Whether the sum total of your engagement ring research is half an hour spent on Pinterest, or you’ve actually started putting the pedal to the medal in terms of gathering ideas and inspiration (and getting your head around the terminology), you’ve probably come across Simon G. already.
Why? Because, when it comes to ‘big names in the bridal business’, Simon G.’s is one of the very biggest. The brand has been operating for more than forty years now, and in that time they have released an extensive range of collections – collections with modern-romantic names like ‘Underhalo’, ‘Flourish’, and ‘Supernova’.
The brand is widely available at many jewelry stores across the US – more than 900, as of 2022 – making it a pretty easy and obvious choice for anyone looking to buy an engagement ring, but is it right for you? Here’s what we think…
Our rating: two stars
The positives: some interesting and unique designs, and a strong brand philosophy.
The negatives: their pieces are created for the mass market, and you can’t consult directly with the ring’s creator.
Simon Ghanimian came to the United States with $200 to his name, and dreams of studying engineering in New York. To fund his classes, he started working for a relative in New York’s Diamond District and, somewhere along the way, discovered a passion for the craft of jewelry making. Eventually, he put down roots in Los Angeles, and opened his own business. The name ‘Simon G.’ is the result of a City Hall clerk insisting that ‘Ghanimian’ was too long to register.
What started as a small operation manned by Simon and his wife, Silvia, has grown into one of the largest and most prominent B2B ring manufacturers in America. Simon G. rings represent a common sight at jewelry stores, and it’s safe to say most of us known at least one person wearing one of his designs on their finger.
Like so many fine jewelry brands, Simon G. is backed by a compelling story – one that definitely works for romanticizing his collections. The brand puts across a clear philosophy centered on taking a careful and meticulous approach to the design process, although, at the same time, it’s important to remember that the sheer scope of Simon G.’s operations will mean that the way each ring is produced will differ tremendously from the way a ring is designed and created by an expert jeweler.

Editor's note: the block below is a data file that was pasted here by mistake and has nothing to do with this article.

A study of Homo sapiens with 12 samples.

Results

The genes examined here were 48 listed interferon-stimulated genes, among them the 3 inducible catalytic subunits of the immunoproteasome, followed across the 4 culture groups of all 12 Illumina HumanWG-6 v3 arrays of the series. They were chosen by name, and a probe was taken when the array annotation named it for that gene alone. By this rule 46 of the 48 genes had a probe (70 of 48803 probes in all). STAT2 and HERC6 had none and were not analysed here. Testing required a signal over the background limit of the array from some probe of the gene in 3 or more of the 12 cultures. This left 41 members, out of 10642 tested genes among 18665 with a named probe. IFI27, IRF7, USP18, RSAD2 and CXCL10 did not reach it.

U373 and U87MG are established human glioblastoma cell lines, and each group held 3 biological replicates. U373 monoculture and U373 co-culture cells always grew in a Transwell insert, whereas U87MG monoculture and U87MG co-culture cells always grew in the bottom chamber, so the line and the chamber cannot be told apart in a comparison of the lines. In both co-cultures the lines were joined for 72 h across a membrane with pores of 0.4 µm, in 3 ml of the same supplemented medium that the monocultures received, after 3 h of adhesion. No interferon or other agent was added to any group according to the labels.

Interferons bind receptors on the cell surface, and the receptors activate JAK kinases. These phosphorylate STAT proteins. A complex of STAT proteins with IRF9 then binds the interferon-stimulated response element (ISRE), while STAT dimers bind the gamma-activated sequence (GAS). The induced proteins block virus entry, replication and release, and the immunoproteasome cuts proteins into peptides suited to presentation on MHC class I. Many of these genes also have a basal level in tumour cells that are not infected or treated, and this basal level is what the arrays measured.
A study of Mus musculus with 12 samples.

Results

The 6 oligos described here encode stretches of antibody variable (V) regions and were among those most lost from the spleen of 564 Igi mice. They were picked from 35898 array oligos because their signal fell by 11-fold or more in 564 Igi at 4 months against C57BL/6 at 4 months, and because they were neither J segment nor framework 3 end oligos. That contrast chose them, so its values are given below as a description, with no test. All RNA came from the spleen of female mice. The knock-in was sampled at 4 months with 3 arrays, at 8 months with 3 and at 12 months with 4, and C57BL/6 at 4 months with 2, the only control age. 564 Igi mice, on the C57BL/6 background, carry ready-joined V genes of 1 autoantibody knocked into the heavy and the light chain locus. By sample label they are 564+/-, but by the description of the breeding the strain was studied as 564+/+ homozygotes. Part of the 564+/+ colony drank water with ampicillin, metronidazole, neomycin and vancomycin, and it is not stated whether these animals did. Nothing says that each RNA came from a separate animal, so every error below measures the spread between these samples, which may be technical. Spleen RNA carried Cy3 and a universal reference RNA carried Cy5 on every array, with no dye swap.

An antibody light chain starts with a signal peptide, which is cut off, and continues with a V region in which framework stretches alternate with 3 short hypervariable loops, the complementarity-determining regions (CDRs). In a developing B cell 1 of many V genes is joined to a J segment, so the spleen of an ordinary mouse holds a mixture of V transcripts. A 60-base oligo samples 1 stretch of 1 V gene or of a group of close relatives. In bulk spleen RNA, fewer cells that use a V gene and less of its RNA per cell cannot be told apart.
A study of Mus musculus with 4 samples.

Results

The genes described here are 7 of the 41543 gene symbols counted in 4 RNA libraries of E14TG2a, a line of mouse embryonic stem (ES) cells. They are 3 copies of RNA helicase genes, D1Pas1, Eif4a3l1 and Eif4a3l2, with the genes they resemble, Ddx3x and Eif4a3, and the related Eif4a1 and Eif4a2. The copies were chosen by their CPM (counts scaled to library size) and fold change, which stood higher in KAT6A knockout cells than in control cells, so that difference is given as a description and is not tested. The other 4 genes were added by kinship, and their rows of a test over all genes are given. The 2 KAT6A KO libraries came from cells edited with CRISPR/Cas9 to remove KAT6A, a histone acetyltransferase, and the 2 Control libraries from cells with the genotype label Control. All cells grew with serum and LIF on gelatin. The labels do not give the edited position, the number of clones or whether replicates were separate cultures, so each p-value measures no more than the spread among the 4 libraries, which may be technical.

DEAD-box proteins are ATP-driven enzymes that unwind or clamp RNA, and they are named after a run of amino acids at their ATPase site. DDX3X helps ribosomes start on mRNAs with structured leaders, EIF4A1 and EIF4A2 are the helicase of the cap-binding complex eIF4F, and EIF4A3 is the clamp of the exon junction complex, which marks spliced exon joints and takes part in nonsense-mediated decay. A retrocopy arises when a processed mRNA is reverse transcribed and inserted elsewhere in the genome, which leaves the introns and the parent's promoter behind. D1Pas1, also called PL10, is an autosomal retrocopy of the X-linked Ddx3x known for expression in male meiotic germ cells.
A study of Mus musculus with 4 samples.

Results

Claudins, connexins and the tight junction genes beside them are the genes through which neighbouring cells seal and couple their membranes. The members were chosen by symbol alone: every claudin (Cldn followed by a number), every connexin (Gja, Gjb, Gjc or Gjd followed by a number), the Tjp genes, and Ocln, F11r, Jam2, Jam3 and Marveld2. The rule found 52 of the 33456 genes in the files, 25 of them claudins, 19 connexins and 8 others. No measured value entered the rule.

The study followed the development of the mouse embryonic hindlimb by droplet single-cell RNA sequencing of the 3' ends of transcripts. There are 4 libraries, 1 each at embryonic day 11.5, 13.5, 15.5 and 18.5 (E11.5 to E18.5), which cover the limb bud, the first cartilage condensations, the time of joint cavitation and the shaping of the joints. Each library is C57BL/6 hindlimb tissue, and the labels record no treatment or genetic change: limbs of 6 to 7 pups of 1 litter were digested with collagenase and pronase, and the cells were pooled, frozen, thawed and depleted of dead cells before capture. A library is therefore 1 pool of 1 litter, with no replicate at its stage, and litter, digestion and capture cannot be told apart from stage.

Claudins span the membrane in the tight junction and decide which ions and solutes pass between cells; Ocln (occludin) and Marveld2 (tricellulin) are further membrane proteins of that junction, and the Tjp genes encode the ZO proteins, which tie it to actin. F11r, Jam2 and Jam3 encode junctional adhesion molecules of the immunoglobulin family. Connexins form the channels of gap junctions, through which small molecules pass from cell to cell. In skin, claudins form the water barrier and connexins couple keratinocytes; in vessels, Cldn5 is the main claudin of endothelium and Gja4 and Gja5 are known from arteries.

As with all of the B2B brands we’ve reviewed, shoppers won’t deal directly with a Simon G. jeweler. Instead, they’ll have to track down a jewelry store that has been authorized to stock Simon G.’s designs, so your experience is totally dependent on the location you settle on.
The designs themselves are wide-ranging and attractive, although the brand’s signature use of four prongs per melee diamond did look a little bulky. Nothing in particular jumped out as being totally new and unexpected, save for the Lightning Bolt collection, which features asymmetrical and tension-style settings that step far outside of the usual mold.
Unfortunately, many of our reviews of B2B designer brands tend to go the same way – even a prestigious name like Vera Wang left us a little lukewarm, simply because of the way their influence alters the traditional ring-buying process.
There’s a big difference between picking a local jewelry store based on recommendation, rather than what names they stock, and forming a connection with your jeweler as you look at diamonds, and talk through your ideas for the ring’s design – then waiting a few weeks while they make it to your specifications – and simply browsing a number of premade designs, picking one, and waiting for it to get shipped to the store.
Of course, one of the selling points is the name itself – but, if you’ve spent much time on WillYou.Net, you’ll know that even names like Tiffany & Co. and Cartier leave us leaning in favor of the smaller, more traditional jewelry store.
Simon G.’s ring designs are definitely at the higher end of ‘affordable’. That is to say, they’re nowhere near as expensive as the high-end, luxury designers are but, at the same time, they’re significantly more than we would expect to pay for a beautiful and high quality setting.
Remember that Simon G.’s rings are sold as the setting only, so you’ll need to find a diamond through your chosen jeweler. We generally recommend that the diamond takes up around 80% of your budget, and you don’t want to push your ideal diamond out of your price point, so take that into consideration as you browse.
Some of the more intricate designs come in at more than $5,000, but there are engagement ring options around the $1,000-$2,000 mark.
For us, however, the disadvantages of purchasing a ring from a big, B2B brand – one that produces rings for hundreds of jewelers up and down the country – outweigh the benefits significantly, and we would rather recommend that our readers take advantage of the skill and expertise of local jewelers, rather than limit their options to premade designs produced for the mass market.
We’re not denying that brands like Simon G. have some beautiful designs – nor that they invest a lot of time, skill, and detail into drawing up the initial designs. The image of Simon G.’s designers sitting over a sketch, working through every detail, is probably accurate – but it doesn’t dispel our fears over ordering a pre-made ring from a brand that processes such a high volume of orders each and every year.
We’re also reluctant to introduce any extra steps into the process. When it comes to choosing a B2B brand, you’ve got to use your chosen jewelry store as a communicator between you and the brand itself. While this remains preferable to a total disconnect – i.e., shopping through an online vendor, where you won’t have any opportunities to see the design or diamond before paying – it’s not exactly what we have in mind when we advise our readers to take a more traditional approach to finding an engagement ring.